On the sidewalks of Paris more than 5,000 tons of garbage piled up, putrid and reeking, as first the refuse men then the garbage-truck drivers went on strike. Rats scurried brashly over the mountains accumulating in the posh Place de l’Opéra. But these were not the only hazards on the streets last week. Pedestrians who managed to dodge unsightly avalanches of decay on the trottoirs were almost certain to trip over succeeding waves of marching strikers as France erupted into its worst labor convulsions since the legislative elections last March.
Ports were paralysed and an emergency airlift had to be organized to fly supplies into Corsica as sailors and dock workers dug in on a weeks-long work stoppage. TV programming dwindled to a minimum, the mail service to a trickle. Interns walked out of Paris emergency wards for a day and even the
city’s legendary conciërges, who have tyrannized generations of apartment dwellers from their humble hallway loges, took up placards and marched. “Strikes—an epidemic,” cried the daily LAurore shrilly. “France bogged down,” lamented Le Figaro.
It ought to have been a moment of glorious vindication for the French left, which had warned that the workers would rise in arms if they weren’t victorious in last spring’s voting. But as grumblings mounted around the country against Prime Minister Raymond Barre’s economic policies, which have pushed inflation and unemployment to critical new highs, the left seemed paralysed. On one side, the Communists are retreating into growing isolation, still swamped in acrid internal debate over their March election tactics. On the other, the Socialists are locked in a growing leadership fight in which aging mon-
arch François Mitterrand is fending off embarrassing challenges from a trio of young party turks.
In the bitter disillusionment which swept Socialist ranks after their failed rendezvous with victory, the first and
most obvious threats came from Mitterrand’s own right hand, his 50-year-old teddy-bear-like deputy, Pierre Mauroy, the mayor of Lille—long ago nicknamed “Le Dauphin.” Equally predictable were the stirrings from the party’s farleft wing led by dissident radical JeanPierre Chevenement, 39. But as the bruised Mitterrand closeted himself away in his summer retreat to write his latest book— The Bee and the Architect, a poetic musing over the last three years which also serves as a self-justification of his leadership—the Socialists kept up a public united front.
Now, as Mitterrand has re-emerged to take command in preparation for the 1981 presidential elections, that front has been rudely shattered by an outspoken, 48-year-old, chain-smoking party economist named Michel Rocard, whom the French press have already dubbed “The Eagle” and “le phénomène Rocard.” In a deft and dazzling media blitz over the last month, Rocard has called for a “profound renewal” in the party and referred in veiled but unmistakable and unflattering terms to Mitterrand’s ancient history as a minister in the preDe Gaulle Fourth Republic, as well as his 63 years.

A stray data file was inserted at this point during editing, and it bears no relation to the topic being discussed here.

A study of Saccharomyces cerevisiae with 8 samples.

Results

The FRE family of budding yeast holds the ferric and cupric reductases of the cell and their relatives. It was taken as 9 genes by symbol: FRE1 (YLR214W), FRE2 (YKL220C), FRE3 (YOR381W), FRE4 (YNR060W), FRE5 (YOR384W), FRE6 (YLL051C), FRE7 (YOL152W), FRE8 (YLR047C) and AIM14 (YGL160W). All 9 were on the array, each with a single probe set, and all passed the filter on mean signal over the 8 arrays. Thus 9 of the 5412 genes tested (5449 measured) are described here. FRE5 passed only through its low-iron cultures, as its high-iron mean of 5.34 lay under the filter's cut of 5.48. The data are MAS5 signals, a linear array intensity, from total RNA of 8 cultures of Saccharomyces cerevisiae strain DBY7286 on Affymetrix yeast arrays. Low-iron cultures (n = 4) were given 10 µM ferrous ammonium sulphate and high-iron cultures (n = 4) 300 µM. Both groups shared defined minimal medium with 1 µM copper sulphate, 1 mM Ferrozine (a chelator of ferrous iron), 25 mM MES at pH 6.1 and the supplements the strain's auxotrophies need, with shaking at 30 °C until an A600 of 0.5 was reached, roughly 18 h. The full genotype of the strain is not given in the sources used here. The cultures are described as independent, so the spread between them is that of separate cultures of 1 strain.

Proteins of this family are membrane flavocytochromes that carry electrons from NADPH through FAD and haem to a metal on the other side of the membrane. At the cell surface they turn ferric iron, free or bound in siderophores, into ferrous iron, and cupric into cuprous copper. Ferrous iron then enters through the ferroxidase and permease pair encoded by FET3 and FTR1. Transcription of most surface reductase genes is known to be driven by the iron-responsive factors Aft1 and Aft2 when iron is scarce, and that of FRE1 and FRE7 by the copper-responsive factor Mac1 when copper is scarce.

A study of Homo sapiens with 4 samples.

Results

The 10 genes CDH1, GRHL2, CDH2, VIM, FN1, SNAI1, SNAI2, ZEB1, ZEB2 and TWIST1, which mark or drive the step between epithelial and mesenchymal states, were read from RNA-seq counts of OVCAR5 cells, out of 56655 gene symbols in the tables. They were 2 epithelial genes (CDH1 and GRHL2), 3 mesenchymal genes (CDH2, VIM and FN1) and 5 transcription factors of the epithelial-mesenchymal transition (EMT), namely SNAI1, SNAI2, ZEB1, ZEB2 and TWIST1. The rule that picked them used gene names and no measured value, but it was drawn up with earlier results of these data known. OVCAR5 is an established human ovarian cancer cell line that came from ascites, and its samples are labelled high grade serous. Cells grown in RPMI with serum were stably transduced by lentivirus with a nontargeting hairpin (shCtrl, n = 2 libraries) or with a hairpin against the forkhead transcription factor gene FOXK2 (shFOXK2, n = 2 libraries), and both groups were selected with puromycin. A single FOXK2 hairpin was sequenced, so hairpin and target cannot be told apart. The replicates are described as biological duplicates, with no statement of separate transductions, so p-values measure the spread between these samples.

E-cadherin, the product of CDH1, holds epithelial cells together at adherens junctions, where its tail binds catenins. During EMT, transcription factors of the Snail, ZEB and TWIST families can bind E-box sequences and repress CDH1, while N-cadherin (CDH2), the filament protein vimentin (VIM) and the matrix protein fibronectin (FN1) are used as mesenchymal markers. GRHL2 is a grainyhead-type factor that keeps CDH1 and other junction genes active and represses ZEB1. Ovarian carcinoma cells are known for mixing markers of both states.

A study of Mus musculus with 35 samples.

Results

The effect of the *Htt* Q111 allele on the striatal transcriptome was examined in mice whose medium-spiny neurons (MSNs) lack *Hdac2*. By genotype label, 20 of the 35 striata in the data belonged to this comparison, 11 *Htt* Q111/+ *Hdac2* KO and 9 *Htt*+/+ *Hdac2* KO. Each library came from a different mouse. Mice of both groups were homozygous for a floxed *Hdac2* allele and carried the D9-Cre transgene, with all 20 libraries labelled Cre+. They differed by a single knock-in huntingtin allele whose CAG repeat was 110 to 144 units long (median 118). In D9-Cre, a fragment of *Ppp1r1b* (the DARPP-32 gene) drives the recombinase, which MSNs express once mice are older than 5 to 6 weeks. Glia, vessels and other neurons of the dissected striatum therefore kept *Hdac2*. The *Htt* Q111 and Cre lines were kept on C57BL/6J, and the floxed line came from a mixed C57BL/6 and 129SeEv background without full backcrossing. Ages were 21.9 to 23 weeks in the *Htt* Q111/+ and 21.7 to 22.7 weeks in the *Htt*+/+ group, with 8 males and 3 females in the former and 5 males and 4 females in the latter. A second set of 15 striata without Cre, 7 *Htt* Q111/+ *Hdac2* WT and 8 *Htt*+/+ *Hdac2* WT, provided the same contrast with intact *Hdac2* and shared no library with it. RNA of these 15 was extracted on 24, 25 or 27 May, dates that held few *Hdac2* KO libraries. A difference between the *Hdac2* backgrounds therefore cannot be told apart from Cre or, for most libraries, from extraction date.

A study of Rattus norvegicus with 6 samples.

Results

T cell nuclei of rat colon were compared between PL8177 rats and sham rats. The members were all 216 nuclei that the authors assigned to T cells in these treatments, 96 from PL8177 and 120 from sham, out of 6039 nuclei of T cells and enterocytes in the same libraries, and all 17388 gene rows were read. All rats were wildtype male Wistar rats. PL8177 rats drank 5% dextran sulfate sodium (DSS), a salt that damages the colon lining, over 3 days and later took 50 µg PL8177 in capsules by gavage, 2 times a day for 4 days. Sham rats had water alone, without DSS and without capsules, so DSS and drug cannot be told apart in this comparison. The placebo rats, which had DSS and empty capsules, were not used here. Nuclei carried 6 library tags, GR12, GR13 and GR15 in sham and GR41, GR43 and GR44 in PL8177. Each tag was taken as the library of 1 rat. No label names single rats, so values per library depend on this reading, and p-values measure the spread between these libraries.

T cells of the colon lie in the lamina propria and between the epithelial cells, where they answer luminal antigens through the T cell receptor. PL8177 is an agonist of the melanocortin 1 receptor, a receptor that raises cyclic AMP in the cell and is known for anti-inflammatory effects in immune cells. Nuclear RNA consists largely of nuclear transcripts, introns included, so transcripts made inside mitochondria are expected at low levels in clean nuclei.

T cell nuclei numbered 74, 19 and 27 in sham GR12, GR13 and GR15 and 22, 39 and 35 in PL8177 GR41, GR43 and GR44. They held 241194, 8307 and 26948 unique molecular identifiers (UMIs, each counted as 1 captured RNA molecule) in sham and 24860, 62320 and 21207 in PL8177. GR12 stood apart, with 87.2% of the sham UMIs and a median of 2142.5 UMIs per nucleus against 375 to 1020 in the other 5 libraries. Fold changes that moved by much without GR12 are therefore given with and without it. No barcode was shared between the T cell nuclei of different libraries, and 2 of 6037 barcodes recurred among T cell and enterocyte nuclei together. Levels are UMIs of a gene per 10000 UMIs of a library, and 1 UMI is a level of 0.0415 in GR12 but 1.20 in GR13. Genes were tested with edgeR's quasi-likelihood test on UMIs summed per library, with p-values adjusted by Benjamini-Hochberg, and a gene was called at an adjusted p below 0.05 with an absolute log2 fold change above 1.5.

The son of a celebrated Protestant physicist who worked on France’s atomic bomb, Rocard has long been a party maverick—but one with impressive credentials. After graduating from the prestigious Ecole Nationale d’Ad-
ministration, President Valéry Giscard d’Estaing’s alma mater, he joined the finance ministry, just as Giscard had done, at the same time leading a splinter-left group called the Unified Socialist Party. Four years ago, he was won over to the Socialist mainstream, where his espousal of worker control of industry within the free market system
has led former supporters to accuse him of veering toward the left’s right. Rocard has never disguised his distaste for Mitterrand’s historic dalliance with the Communists, which the party leader still insists is the sole route to an election win.
An increasing number of disaffected young Socialists have begun to agree with Rocard, seeing in his quick-fire intellect, platform flair and grassroots popularity not only a champion for their cause, but a new face who could bruise Giscard’s bid to keep the presidency. One poll last month reported that Mitterrand’s support had slipped 15 points to equal Rocard’s, while another rated them as equal contenders for public affection if the presidential balloting was held now.
Despite the blatant jockeying for his throne, Mitterrand himself has remained restrained and aloof—and clearly far from out of contention. Nevertheless, as the veteran tactician, who welded a disarray of squabbling factions into the country’s second most powerful party, prepared to depart for this week’s Socialist International congress in Vancouver, a boost came for Rocard’s cause from an unexpected quarter. In a just-published political fiction by the pseudonymous Philippe de Commines (in real life, former LExpress staffer André Bercoff), a terrorist threat prompts Giscard to appoint Michel Rocard to the prime ministership, where he oversees the transfer of corporate control to the workers. Its title: The Revolution of 1980.